Political leaders are used to tough questioning from opposition parties and the press - but now they have been grilled by pupils aged 11 to 14.
As part of the BBC's School Report News Day, students from nine schools have been holding the UK's top politicians to account.
PM Gordon Brown, Conservative leader David Cameron and Liberal Democrat leader Nick Clegg have all been put through their paces by the would-be journalists.
Northern Ireland First Minister Ian Paisley,
Scotland's First Minister Alex Salmond and the presiding officer of the National Assembly of Wales, Dafydd Elis-Thomas, have also been quizzed.
Gordon Brown was interviewed at Downing Street by what he called "very, very good" reporters from four different schools, on a range of weighty and serious subjects including education, child poverty and the environment.
One School Reporter, Francesca from St Andrew's School in Bedfordshire, found the prime minister surprisingly agreeable.
"I was really pleased, because I thought he might be a bit horrible, but he was actually very nice," she said.
'Not going to answer'
Conservative leader David Cameron also answered questions on a range of heavyweight topics including health, gang violence, and immigration.
David Cameron was stumped on a couple of questions
He risked unpopularity by firmly telling youngsters from George Green's School in east London that student university fees were here to stay.
But he was made visibly uncomfortable when the students focused on what he had been like at their age - with questions about kisses, being naughty and teddy bear names.
"I think it would be a bit unfair if I said on live television," he said when asked who was the first person he kissed.
"She's now happily married so I don't want to interfere in her life. So I'm afraid I'm not going to answer the question."
Ashdown picked for team
Lib Dem leader Nick Clegg was interviewed in his office at the Houses of Parliament by pupils from Banbury School in Oxfordshire.
Nick Clegg said his interviewers had been "devastatingly effective"
He was asked questions on weighty subjects including his recent management of his party over Europe, the environment, and citizenship - saying "no" to Gordon Brown's recent suggestion of an allegiance oath.
But he appeared to think longest and hardest when asked who would be his star player, if he had to create a football team out of politicians - finally plumping for one of his predecessors, Paddy Ashdown.
"In defence," he said.
"He was one of the few politicians who knew how to kill someone with his bare hands, so that would probably be quite a good place to put him."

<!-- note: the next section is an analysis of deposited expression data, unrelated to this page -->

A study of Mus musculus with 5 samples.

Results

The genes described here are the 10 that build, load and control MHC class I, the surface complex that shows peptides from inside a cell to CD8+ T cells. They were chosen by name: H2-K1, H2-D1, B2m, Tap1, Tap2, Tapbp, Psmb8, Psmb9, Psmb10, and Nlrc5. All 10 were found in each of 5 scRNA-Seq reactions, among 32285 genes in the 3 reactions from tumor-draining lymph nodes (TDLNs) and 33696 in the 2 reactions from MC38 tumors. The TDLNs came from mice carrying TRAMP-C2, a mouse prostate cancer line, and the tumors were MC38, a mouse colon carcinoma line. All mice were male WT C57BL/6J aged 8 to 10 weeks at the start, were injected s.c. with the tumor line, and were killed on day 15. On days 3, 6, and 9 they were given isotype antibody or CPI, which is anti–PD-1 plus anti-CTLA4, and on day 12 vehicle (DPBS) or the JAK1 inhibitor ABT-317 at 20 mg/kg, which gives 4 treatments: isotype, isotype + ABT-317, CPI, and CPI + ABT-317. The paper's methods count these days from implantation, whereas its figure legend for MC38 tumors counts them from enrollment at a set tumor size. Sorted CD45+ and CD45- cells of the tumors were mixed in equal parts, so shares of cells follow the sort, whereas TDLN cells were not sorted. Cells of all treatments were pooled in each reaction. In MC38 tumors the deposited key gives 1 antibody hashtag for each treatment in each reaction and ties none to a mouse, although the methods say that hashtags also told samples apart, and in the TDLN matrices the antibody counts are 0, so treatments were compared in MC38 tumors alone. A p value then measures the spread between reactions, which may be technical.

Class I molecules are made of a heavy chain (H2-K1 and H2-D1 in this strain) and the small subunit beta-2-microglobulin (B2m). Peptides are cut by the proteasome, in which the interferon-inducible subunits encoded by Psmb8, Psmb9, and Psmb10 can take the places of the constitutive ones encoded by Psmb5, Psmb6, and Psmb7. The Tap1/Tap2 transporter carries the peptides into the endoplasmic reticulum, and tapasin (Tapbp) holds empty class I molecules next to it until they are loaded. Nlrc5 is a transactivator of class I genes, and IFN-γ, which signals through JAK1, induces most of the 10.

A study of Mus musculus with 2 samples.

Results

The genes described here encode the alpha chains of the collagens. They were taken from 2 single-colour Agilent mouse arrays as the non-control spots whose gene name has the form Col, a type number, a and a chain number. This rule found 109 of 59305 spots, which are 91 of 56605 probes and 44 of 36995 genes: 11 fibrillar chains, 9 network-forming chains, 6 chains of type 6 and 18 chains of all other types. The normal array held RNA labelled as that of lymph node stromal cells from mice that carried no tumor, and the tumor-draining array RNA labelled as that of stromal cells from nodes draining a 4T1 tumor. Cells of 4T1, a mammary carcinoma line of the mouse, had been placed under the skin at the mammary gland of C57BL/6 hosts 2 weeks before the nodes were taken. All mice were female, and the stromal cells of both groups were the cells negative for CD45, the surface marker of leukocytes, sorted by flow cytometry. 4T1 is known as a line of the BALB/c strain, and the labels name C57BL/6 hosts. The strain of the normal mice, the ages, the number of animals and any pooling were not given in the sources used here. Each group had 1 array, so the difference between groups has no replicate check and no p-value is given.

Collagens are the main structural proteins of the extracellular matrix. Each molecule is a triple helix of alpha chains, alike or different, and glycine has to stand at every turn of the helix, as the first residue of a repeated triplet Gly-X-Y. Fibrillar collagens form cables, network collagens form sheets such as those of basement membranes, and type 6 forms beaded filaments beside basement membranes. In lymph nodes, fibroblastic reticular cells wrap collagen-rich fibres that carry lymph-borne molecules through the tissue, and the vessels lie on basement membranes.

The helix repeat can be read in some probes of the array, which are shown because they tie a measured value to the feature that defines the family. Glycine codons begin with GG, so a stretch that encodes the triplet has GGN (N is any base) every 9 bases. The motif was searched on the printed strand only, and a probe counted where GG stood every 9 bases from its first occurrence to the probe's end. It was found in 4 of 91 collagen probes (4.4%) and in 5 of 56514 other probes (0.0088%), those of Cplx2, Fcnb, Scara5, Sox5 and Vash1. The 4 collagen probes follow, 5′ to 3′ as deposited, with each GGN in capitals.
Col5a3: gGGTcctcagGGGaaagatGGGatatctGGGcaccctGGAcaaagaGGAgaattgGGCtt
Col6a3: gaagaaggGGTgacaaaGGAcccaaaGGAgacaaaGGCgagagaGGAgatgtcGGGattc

What about Gordon Brown?
"Oh no, he'd be on the reserve benches if he's lucky."
And David Cameron?
"He wouldn't be in the team."
First minister 'best job'
Ian Paisley was questioned by students from the Belfast Boys' Model School.
The Northern Ireland first minister, who recently announced that he would step down in May, was asked some extremely serious questions, such as how he saw the future of Northern Ireland, and how the DUP and Sinn Fein managed to work together.
But he was also asked: "As Easter approaches, can you tell us how do you eat your Creme Egg?"
"I think I would be far better keeping off such luxury food, and just eat my porridge," he said.
Mr Salmond was interviewed by students at the Bridge of Don Academy, Aberdeen.
He was asked all about his job as first minister - what it involved, how it felt when he was elected, and whether he enjoyed it.
He said he had been "really, really pleased" when he achieved the position.
"I think if you're in politics you should try to run things, to be in government - and if you've got to be in government, by far the best job is to be first minister. That's the best job," he said.
The full interview can be heard on the Bridge of Don Academy website.
School Reporters from The Doon Academy visited the Scottish parliament to interview Adam Ingram, Minister for Children and Early Years in the Scottish government. The school's website contains both a video and audio report of the interview.
Students from Ysgol Y Gader in north-west Wales interviewed Lord Elis-Thomas.
Among topics they covered were the lack of sporting opportunities for young people in the area - and who was the best famous person he had met.
On sport, he said he did not think there were enough facilities right now, but that plans were in place to expand facilities in places like Bangor and Wrexham.
On famous people, he said he had met Sir Anthony Hopkins, Catherine Zeta Jones and
the Queen - and hoped to meet singer Duffy quite soon.
He was also asked how he kept Assembly Members under control. He said he had a secret weapon of a "big red button" which could turn their microphones off if things got out of control - but he had not yet had to use it.
Elsewhere, School Report was mentioned in Jersey's parliament.
And students at a school in Guernsey tackled the issue of funding delays for a new school building with the island's Education Minister Martin Ozanne.
A team of Year 7 students asked the minister on the radio: "Where is our new school?"
"They were very brave," says teacher Adrian Prowse.
"The 11 to 12-year-olds didn't pull any punches."